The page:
Like on the rest of the world, in China some users’ online credentials and data are either used without their permission by some Internet companies to their benefit or traded on the black market. While some are common practices worldwide, there are some that can only happen in China.
TOMsInsight, an online data analysis and research service founded by veterans from Microsoft, Baidu and McKinsey, concludes that some tactics or even cyber crimes by Chinese copycats in order to gain or engage users are the major causes of the failure of many Internet services from outside China. It’s called by many “The Black Barrier”.
TOMsInsight has recently released a series of reports on China’s online black market. Here are my takeaways, what we have long heard about that are unique about the Chinese Web.
After Tencent’s QQ IM became very popular in China, there was a time when everyone’s QQ account was “stolen” — infected by malware. And we learned to tell if our QQ contacts’ accounts were “stolen”: You received messages from those accounts saying they needed money for various reasons or tricking you into clicking on malicious links or ads.
Sending fraudulent messages is a common practice among cyber criminals worldwide, but QQ ecosystem is different from many other social networks in many ways that cyber-thefts can take advantage of.
There’s a fortune already in the accounts: QQ Coin, virtual item and QQ account number itself.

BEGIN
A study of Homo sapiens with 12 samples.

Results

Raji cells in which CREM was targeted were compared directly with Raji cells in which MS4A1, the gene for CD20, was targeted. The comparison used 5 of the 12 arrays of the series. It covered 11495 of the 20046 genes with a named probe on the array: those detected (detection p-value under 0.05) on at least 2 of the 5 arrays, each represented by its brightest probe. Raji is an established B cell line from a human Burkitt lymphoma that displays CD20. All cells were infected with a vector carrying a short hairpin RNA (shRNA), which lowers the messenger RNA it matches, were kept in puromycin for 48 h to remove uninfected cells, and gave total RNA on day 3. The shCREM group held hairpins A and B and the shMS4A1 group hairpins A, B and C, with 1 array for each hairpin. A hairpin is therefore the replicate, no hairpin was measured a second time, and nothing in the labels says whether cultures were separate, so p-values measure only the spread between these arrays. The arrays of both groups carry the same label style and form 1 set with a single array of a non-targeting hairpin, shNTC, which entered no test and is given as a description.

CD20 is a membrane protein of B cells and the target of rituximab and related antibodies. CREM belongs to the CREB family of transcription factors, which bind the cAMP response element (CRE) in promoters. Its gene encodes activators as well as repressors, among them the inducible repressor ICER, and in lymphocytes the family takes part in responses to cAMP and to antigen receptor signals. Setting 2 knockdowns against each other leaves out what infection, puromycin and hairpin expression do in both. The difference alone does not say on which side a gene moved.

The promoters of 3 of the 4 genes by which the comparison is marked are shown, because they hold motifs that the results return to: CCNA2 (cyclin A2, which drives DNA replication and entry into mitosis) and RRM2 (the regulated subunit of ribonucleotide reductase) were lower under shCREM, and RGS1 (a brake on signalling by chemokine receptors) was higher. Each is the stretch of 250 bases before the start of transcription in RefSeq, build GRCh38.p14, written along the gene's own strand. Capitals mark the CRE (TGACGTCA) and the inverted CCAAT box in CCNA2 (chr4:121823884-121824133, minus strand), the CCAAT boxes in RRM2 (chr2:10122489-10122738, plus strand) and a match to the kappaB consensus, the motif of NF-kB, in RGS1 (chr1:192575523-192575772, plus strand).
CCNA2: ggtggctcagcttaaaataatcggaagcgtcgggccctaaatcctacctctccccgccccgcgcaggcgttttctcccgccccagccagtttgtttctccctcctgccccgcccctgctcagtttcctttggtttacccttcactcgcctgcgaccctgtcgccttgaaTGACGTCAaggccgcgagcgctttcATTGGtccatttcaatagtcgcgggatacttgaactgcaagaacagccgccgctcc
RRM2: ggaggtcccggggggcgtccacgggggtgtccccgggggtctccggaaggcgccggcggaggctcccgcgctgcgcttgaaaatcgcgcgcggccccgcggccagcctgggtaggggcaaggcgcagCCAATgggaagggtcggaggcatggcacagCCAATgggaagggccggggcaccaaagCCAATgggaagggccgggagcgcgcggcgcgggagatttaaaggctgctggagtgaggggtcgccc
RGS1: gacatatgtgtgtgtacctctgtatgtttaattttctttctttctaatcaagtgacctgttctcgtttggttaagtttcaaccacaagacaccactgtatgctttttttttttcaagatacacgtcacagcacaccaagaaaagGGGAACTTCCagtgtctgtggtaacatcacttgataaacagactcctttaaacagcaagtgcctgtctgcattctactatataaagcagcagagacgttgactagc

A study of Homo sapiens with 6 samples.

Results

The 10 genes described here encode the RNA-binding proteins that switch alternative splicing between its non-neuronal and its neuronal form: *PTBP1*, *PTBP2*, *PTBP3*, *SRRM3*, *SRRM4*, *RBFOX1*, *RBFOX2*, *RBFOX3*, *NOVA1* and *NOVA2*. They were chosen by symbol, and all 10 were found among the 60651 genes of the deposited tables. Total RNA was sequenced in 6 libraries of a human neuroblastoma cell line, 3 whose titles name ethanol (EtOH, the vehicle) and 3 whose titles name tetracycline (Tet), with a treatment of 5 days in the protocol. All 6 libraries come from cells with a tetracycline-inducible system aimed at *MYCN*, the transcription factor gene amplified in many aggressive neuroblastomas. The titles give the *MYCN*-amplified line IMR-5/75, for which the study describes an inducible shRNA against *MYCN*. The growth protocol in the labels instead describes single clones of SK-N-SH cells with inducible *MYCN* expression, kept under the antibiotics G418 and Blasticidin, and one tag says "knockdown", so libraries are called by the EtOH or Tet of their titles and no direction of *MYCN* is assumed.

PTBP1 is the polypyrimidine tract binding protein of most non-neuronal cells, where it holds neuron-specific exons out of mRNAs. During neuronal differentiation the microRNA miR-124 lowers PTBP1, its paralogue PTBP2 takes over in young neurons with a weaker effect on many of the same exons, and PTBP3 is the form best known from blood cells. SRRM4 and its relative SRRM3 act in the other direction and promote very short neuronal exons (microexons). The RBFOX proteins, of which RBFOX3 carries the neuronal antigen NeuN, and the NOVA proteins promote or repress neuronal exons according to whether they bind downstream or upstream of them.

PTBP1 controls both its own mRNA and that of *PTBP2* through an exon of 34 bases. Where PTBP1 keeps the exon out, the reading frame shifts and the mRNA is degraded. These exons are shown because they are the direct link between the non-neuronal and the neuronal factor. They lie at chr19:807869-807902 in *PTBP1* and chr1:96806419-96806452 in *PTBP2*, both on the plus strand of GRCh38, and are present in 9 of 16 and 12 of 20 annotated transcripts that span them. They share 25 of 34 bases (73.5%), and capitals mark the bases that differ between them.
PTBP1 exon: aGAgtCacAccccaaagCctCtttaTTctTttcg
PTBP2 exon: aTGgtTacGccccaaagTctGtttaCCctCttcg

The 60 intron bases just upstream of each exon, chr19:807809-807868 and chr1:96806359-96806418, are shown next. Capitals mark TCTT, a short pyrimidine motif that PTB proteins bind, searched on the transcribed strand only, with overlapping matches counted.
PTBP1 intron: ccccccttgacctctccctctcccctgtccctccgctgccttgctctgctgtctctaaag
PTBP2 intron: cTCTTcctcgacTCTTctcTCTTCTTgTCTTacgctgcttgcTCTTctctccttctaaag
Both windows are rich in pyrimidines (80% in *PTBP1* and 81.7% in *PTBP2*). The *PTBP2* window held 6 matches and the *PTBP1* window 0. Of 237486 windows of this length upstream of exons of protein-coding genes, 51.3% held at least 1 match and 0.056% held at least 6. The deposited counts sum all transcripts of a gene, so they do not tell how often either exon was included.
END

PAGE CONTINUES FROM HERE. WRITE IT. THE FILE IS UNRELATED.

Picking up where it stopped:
Unlike today’s mobile in-app purchases that make payments real-time, years back on Chinese PCs, QQ users who played games on QQ platform and wanted to purchase virtual items had to buy QQ Coin, the virtual currency used in the QQ ecosystem, in advance. Thefts would sell the unused QQ Coins sitting in the “stolen” accounts for real money.
It could be even better if those users spent all the QQ Coins for virtual items in games or other virtual properties, for those could be sold at a premium. If a thief is lucky, some virtual weapons or roles in games could be very very expensive.
One of the most interesting phenomena created by QQ users is the value added to QQ account numbers. Every QQ account is assigned a number — It’s because QQ IM was created as the online counterpart of pagers which are identified by numbers. And back in 1999 when QQ was launched, few Chinese users had e-mail accounts. The QQ number began with 10001, which is believed held by Tencent CEO Pony Ma, and the latest are ten-digit numbers. The five-digit and six-digit QQ numbers, or numbers considered lucky or of significance, such as 888888, have been sold at high prices. And those numbers must be the major targets of thefts.
Over the years Tencent have done a lot to protect user accounts from being “stolen”. We didn’t hear that many theft cases in recent years, but the “stolen” on the black market are still good enough for traders. The second-hand account buyers are not intended to ask for money directly. Instead they may use the accounts to promote their own online services, such as posting ads as a QQ user in Q-zone, the Facebook-like service by Tencent supported by QQ account system, or send mails to contacts’ QQ Mail boxes.